Straw Into Gold

Meet the unlikely stars of the Gold & Silver Pawn Shop as they film season three

Before the appearance of the velvet rope, hulking bodyguards and string of taxis disgorging carloads of fans, you might not have noticed the Gold & Silver Pawn Shop in the 22 years of its existence. Located on the sketchy stretch of real estate just south of downtown, the store counts Showgirl Video, ABC Bail Bonds and Cupid’s Wedding Chapel as neighbors. And the building’s nondescript façade—crumbling concrete plastered with signs advertising “WE WILL BUY YOUR GOLD & SILVER”—doesn’t distinguish it from the city’s slew of EZ Pawns and Cash Pawns (though the feel is less corporate).

But the lackluster storefront belies an interior that’s chockablock with rare artifacts—such as an 18th-century Damascus sword and Benny Binion’s 10-gallon hat—artwork by Picasso and Renoir, and case after case of gold, silver and gemstones.

The shop, as most of America knows by now, is run by three generations of Richard Harrisons: There’s the grandfather, a.k.a. “the Old Man,” a retired marine with a saying for everything; his son Rick, a geeky history buff and natural-born hustler with a shiny bald head and infectious laugh; and his grandson Corey (his middle name), also known as “Big Hoss,” whose penchant for getting suspended from school as a young ne’er-do-well landed him behind the counter. Lending a hand and adding comic relief is Corey’s boyhood friend Austin “Chumlee” Russell—a sweet village idiot-like character who describes himself as the “Go-Getter” (i.e. Chumlee, go get some coffee). Their business is the unlikely subject of the History Channel’s overnight hit, Pawn Stars, which is now filming its third season. It’s Antiques Roadshow meets Sin City. But while there’s the occasional bleeped-out cussword, this is more of a family show than a seedy pawnshop version of Confessions of a Taxi Driver.

As seen on TV: Vegas’ newest tourist attraction.

Back in 1981, when the Harrisons moved to Vegas from San Diego, a law prohibited new pawn licenses until the population reached a quarter million. Rick was only 16 at the time—and making big bucks hustling faux Gucci bags—but he knew an opportunity when he saw it. Dutifully, the young entrepreneur kept track of the census and secured a joint license with his father the minute the city’s numbers 250,000 in April 1988.

“When I first started, I was broke,” Rick remembers. “I spent all my money getting the license, and it was a grind for years. When you have a pawnshop, you’re constantly loaning out money. It wasn’t until 10 or 12 years ago that things started to get really nice.” Even then, the shop got fewer than 100 customers a day.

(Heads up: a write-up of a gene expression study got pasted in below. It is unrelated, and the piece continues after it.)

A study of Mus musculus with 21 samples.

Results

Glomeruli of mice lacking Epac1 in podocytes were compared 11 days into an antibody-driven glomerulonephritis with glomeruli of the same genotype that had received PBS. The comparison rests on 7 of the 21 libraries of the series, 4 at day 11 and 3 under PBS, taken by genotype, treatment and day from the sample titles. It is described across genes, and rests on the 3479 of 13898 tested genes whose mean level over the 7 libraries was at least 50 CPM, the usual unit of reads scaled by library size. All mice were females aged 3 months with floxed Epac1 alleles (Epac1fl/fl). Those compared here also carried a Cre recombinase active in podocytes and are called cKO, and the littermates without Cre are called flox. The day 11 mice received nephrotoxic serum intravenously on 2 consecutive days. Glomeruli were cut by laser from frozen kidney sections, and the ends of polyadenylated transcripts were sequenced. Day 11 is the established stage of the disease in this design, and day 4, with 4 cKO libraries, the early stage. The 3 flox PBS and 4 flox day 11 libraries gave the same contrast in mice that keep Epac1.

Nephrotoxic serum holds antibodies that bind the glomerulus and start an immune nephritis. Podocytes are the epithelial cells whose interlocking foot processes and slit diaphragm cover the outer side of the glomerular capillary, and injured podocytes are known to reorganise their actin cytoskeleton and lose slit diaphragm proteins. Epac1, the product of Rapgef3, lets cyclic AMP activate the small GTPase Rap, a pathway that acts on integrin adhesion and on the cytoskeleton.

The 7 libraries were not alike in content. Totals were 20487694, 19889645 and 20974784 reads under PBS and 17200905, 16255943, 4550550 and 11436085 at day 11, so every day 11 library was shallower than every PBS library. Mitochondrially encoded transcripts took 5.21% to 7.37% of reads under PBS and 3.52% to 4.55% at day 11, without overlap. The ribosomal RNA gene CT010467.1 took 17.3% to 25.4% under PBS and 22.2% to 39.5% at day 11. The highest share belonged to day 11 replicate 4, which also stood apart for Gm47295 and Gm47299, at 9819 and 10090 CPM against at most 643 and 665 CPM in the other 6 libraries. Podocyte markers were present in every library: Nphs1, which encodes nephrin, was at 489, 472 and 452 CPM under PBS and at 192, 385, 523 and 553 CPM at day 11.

It was the Harrisons’ willingness to deal in rare antiques and less-conventional wares that separated them from the pack—and ultimately got them national attention as one of the top shopping destinations in Vegas. “When you are competing against 40 other pawnshops,” Rick explains, “you have to be different.” And his fascination with random trivia and arcane goods made the riskier business of dealing with Philco radios, antique Coke coolers and Civil War-era weapons a natural fit.

Once the shop got a bit of buzz, the offers poured in, most notably from HBO, though the Harrisons ultimately went with the History Channel because they wanted to present their business in a favorable light. The rest, as they say, is history: A teaser led to a pilot, a second season, and now a third. Up next? A $400,000 expansion that opens this week (which Rick describes as “the most expensive removal of two walls ever”) will double the size of the showroom and make the 1,000-a-day crowds more manageable.

Despite their success, the Harrisons are modest about their newfound celebrity. Sure, their life now includes red-carpet appearances—such as the grand opening of BB King’s Blues Club and the World Mixed Martial Arts Awards—and fawning fans, but they still get excited about the little things (such as the kid at the Starbucks counter giving them a free cup of coffee). And they’re genuinely surprised about the near-universal adoration, from Bible Belt devotees who flock to Vegas to buy a coffee mug or snap a picture, to celebs like Ludacris and Bon Jovi.

And while business has grown tenfold and the number of rarities and “cool items” as Corey calls them, has tripled, the business of owning a pawnshop remains essentially the same: Jewelry is still the bread-and-butter, and the average customer is more likely to be a single mom looking for quick cash or an average Joe buying a wedding band than a billionaire or, say, the Prince of Nigeria, who once stopped by.